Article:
They just don’t get on… but what can I do?
It can be a really difficult situation for an employer when two staff members simply do not get on. Neither is necessarily at fault or, alternately, both of them are. But what can an employer do? An employer is not able to make people like one another and their antagonistic behaviour can cause havoc in the workplace.
In a recent (sensible) decision by the Full Bench of the Fair Work Commission, the FWC faced an appeal by an employee who had been dismissed following a year of conflict with her fellow employee in the confines of a small office. The Full Bench acknowledged that the reason for the decision was not necessarily the behaviour of the sacked employee but:
“…the existence of an interpersonal conflict in a small workplace which had reached a point where it had become incapable of any resolution and was affecting the performance of work and the company’s relationship with its customers”.
Importantly, it was not found necessary that the employer establish that the sacked employee was the one at fault. The full bench even acknowledged that the employer had acted “unwisely” in dismissing the employee in “the heat of the moment”. Nevertheless, it upheld the right of the employer in that situation to terminate an employee where the prolonged hostility between the staff was affecting the business.
This decision comes at the same time as another sensible decision (albeit by a single commissioner and, therefore, not quite so binding) in response to an employee’s application for a Stop Bullying Order. In the course of considering the evidence of terse exchanges between the employees, the Commissioner found that the fact that two employees did not like one another and behaved in an abrasive and sometimes abrupt manner to one another did not amount to bullying.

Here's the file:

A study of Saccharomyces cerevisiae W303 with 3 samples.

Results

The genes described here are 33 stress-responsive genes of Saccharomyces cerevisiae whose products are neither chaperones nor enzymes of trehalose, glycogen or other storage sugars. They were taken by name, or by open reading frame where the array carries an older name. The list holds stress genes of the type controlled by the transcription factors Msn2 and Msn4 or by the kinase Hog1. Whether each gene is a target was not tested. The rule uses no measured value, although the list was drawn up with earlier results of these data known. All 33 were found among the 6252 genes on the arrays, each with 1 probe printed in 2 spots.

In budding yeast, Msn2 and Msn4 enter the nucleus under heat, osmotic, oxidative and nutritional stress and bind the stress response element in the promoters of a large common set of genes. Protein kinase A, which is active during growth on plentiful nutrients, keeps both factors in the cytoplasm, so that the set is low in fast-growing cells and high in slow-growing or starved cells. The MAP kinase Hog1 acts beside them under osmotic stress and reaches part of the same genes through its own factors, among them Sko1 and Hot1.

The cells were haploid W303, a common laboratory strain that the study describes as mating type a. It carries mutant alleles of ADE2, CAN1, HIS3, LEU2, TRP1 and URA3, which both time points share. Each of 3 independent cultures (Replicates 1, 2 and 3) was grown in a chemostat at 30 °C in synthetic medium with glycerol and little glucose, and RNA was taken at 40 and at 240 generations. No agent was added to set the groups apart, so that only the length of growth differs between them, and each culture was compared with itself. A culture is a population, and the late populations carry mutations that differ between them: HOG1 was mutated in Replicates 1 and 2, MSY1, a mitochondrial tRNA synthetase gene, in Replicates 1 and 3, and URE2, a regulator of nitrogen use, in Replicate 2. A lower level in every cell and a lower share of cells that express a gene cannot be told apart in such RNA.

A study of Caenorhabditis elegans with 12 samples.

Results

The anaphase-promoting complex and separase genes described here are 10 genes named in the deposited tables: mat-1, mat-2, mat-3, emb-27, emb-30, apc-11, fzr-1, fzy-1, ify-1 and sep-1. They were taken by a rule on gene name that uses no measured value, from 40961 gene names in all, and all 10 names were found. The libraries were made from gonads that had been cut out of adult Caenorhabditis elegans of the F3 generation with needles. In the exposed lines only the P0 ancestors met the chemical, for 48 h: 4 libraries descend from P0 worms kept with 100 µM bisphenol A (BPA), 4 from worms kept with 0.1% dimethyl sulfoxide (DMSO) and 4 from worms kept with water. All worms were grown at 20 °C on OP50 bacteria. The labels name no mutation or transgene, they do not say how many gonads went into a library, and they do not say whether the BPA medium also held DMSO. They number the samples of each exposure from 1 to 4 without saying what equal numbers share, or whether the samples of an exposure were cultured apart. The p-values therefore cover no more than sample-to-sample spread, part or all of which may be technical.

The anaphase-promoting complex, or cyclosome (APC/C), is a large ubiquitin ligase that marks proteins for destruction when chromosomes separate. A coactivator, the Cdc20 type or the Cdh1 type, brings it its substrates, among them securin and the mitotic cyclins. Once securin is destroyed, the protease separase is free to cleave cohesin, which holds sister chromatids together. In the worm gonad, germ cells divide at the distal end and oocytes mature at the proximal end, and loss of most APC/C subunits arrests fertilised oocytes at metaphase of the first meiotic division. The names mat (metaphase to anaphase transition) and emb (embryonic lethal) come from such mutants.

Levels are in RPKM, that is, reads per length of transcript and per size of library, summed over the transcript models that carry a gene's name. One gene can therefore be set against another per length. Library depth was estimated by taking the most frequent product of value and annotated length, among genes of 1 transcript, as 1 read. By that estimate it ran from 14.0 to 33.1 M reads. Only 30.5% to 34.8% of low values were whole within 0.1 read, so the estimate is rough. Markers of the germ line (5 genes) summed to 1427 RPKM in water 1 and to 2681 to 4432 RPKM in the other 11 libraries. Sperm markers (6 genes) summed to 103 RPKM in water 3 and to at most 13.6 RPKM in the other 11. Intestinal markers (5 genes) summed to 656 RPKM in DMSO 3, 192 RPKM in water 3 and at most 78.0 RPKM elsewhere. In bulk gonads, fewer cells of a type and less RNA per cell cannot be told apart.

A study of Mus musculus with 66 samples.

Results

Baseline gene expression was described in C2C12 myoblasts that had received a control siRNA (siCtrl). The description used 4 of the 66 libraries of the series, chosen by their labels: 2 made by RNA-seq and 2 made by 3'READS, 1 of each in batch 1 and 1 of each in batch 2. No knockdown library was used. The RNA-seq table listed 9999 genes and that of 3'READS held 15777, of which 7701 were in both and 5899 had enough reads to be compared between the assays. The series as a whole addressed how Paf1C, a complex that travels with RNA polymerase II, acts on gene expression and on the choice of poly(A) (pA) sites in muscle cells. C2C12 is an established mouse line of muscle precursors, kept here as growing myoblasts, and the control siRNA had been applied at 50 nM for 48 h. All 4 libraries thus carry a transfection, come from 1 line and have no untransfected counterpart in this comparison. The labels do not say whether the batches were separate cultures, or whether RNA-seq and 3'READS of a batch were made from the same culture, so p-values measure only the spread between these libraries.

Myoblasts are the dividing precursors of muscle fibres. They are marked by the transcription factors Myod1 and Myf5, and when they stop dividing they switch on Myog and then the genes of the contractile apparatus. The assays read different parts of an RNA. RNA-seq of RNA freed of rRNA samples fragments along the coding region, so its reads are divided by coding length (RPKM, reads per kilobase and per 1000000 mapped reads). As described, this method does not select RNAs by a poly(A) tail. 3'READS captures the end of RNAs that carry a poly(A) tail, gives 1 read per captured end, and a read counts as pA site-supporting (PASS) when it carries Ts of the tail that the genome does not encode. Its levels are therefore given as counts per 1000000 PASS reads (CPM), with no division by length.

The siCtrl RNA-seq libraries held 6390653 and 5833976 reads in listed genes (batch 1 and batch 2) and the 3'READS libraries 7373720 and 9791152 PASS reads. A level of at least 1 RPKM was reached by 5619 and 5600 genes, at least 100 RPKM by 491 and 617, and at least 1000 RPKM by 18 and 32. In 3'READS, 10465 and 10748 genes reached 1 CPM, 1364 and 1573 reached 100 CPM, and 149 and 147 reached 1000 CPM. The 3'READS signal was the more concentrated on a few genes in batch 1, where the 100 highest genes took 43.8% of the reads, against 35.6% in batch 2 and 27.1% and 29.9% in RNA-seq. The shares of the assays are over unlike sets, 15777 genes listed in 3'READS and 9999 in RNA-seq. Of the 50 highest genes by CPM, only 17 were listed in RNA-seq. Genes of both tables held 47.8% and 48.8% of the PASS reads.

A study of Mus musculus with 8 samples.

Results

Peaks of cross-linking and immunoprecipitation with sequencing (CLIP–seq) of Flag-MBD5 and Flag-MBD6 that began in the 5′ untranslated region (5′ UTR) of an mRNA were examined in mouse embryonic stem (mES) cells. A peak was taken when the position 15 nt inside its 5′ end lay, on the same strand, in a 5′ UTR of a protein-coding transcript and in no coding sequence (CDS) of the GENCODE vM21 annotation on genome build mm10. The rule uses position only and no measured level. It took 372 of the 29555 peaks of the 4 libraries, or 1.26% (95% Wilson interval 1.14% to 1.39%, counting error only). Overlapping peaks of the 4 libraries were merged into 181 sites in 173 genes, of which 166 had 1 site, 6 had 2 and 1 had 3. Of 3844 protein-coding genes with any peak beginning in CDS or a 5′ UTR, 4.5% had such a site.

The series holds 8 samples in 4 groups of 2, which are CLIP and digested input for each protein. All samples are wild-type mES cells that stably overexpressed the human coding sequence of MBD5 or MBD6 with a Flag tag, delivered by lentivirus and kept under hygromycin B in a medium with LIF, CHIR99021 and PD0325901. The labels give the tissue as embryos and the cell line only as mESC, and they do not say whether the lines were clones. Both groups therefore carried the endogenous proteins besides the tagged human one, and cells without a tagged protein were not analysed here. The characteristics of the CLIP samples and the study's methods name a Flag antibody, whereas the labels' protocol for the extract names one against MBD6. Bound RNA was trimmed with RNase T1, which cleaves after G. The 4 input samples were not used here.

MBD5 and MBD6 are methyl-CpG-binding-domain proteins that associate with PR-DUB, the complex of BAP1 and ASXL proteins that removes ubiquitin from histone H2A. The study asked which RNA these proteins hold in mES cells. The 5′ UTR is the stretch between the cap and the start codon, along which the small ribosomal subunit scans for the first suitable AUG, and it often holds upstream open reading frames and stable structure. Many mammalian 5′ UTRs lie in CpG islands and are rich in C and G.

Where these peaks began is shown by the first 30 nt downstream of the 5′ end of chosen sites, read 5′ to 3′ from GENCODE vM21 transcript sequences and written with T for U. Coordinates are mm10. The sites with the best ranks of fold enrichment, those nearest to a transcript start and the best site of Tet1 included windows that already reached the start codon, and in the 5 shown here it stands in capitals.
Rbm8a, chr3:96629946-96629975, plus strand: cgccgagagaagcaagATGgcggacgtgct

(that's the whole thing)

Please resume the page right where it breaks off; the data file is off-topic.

In this instance, the Commissioner found that the fact that one employee — in their contact towards another — had been “…upset, exhibited intolerance or low level anger…” did not constitute unreasonable behaviour. He further found that the employees “… probably did not like each other, and may have even been mutually hostile toward one another”, but that did not amount to bullying.
It is gratifying that of the 500+ applications for stop-bullying-orders filed this year – the FWC has only made orders in one of those cases, (although there would have been a number of mutually agree orders).
Some of the members of the Commission are realising that employers are not relationship councillors and cannot make employees best friends. The reality of all working communities is that not all individuals will get on. In fact, many will dislike each other and that will never change. However, affection between staff cannot be the employer’s problem.